According to Science Daily, the number one reason diets fail is because dieters underestimate the amount of calories they consume. In my opinion, the number one reason diets fail is because dieters want to eat things that most diets don’t permit. Fortunately, there are a number of things you can do to lose weight that don’t involve giving up your favourite foods. In this post we’re going to take a look at breakfast.
First, let’s focus on when you eat breakfast. Out of habit (or what might be perceived as necessity), many of us eat breakfast soon after waking.
I propose an alternative approach based upon intuition: eat breakfast when your hunger demands it. Not many of us jump out of bed with our stomach rumbling, and if you do experience hunger, it can often be sated by a glass of water or your morning brew of choice.
Logic dictates that the later you eat breakfast, the more sated you will be later into the day, which means that you are likelier to eat fewer calories throughout the course of the day. (In fact, skipping breakfast altogether is a viable option, but that’s a topic for another day.)
Now, let’s consider what you eat for breakfast. The clear winner is protein. In an article on WebMD about hunger-curbing foods, Purdue University nutrition professor Wayne Campbell, Ph.D. had the following to say about the satiety benefits of protein:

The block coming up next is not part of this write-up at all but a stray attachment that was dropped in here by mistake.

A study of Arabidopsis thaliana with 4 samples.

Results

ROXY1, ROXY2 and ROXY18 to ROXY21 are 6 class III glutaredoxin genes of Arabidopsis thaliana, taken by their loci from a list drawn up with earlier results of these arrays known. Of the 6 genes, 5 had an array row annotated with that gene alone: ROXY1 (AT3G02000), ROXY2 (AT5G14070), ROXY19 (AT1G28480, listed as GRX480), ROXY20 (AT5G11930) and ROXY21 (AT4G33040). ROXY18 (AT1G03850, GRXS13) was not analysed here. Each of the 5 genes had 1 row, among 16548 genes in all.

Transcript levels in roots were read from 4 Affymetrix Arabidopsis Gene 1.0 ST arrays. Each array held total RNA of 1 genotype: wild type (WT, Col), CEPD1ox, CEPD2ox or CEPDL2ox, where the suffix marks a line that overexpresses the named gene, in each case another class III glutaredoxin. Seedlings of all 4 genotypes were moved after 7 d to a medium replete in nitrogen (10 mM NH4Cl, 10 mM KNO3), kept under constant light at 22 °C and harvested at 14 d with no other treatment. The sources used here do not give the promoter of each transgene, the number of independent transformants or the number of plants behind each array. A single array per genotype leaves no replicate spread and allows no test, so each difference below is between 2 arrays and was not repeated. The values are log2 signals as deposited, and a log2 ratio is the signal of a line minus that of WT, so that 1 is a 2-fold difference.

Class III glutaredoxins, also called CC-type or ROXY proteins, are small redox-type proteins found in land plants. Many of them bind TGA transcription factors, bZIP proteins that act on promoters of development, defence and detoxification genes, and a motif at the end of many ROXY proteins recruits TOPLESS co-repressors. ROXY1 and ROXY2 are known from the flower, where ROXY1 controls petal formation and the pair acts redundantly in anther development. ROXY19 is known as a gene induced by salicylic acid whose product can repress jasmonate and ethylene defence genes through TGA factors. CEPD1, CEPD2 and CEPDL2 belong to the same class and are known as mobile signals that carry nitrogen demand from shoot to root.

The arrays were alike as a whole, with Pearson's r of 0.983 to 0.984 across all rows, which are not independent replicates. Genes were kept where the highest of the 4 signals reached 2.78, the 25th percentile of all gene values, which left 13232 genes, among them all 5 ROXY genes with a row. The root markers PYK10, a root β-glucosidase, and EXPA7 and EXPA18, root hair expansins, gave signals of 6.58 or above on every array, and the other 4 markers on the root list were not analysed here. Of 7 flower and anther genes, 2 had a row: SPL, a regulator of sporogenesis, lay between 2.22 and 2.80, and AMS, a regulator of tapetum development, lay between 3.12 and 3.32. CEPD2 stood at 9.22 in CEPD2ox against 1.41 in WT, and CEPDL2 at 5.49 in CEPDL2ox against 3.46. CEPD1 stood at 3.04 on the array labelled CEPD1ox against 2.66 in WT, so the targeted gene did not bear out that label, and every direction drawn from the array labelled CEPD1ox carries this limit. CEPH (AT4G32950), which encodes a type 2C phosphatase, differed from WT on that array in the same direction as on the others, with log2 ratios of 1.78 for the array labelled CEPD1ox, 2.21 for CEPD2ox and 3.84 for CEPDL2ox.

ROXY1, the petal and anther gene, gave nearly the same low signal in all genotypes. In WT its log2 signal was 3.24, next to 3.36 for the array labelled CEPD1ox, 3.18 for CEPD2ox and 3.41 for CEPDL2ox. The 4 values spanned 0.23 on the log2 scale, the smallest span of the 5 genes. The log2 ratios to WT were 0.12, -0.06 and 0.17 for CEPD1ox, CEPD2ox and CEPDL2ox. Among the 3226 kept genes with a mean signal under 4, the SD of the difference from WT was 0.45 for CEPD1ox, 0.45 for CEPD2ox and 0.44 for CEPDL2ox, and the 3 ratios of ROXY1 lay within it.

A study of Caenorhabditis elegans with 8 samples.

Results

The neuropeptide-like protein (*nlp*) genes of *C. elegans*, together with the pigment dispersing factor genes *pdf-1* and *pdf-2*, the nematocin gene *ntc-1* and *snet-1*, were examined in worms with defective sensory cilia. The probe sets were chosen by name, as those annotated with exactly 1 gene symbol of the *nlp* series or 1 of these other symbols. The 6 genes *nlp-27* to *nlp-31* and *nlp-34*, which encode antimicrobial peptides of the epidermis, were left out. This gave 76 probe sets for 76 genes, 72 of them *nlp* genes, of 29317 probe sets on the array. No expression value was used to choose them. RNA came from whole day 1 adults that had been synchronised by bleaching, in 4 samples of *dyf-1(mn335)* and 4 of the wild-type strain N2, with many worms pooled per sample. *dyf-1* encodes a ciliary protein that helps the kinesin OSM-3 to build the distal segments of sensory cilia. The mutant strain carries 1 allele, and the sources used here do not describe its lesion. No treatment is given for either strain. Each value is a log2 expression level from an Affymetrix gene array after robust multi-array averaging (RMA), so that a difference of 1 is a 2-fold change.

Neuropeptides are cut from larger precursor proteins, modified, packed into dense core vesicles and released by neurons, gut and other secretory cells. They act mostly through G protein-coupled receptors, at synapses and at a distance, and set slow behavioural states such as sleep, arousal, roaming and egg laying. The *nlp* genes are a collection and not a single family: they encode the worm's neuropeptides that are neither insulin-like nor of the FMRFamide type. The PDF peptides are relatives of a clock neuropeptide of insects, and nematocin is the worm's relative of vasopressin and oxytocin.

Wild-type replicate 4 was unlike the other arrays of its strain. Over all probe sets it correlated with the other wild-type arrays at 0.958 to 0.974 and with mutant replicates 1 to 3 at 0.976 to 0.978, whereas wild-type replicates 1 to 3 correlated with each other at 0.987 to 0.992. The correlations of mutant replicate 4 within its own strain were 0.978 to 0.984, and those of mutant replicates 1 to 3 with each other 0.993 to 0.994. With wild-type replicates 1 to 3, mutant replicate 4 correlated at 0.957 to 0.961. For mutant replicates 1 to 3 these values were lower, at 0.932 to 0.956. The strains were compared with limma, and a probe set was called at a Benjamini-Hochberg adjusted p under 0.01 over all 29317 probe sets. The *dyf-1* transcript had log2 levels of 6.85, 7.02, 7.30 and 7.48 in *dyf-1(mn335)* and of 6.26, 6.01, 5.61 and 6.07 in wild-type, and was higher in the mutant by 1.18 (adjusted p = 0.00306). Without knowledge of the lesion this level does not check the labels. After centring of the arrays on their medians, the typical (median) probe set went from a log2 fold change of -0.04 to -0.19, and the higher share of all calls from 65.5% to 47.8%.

You are most likely to feel fuller after eating protein than other nutrients, including fiber, and one of the theories behind why higher-protein diets work well with weight loss is because it helps you not [to] feel hungry.
That statement was on the back of two studies from Purdue in which it was argued that you are likely to feel less hungry after eating a protein-rich breakfast when compared to an equivalent meal made up of carbohydrates.
I’m sure we can all think of a protein-rich breakfast meal that we would love to eat. Now you can do so without guilt, safe in the knowledge that it can help you to lose weight. When I do eat breakfast (which is pretty rare these days), my meal of choice is grilled bacon and poached eggs.
Speaking of eggs, in a study presented at the 2007 Experimental Biology meeting, researchers at Pennington Biomedical Research Center compared weight loss between two groups of dieters. The first group ate bagels for breakfast; the second group ate eggs. Researcher Nikhil V. Dhurandhar, Ph.D. concluded the following:
Compared to the bagel eaters, overweight women who ate two eggs for breakfast five times a week for eight weeks, as part of a low-fat, reduced-calorie diet, lost 65% more weight, reduced waist circumference by 83% [and] reported higher energy levels.
When people eat [sic] eggs, rich in protein, at breakfast, they felt more satisfied and consumed fewer calories throughout the day, compared to those who ate a primarily carbohydrate meal like a bagel.
The moral of the story is this: a high protein breakfast helps to keep you full and, by extension, can help you to lose weight. Couple that with delaying your first meal of the day, and your chances of weight loss will be given a nice boost.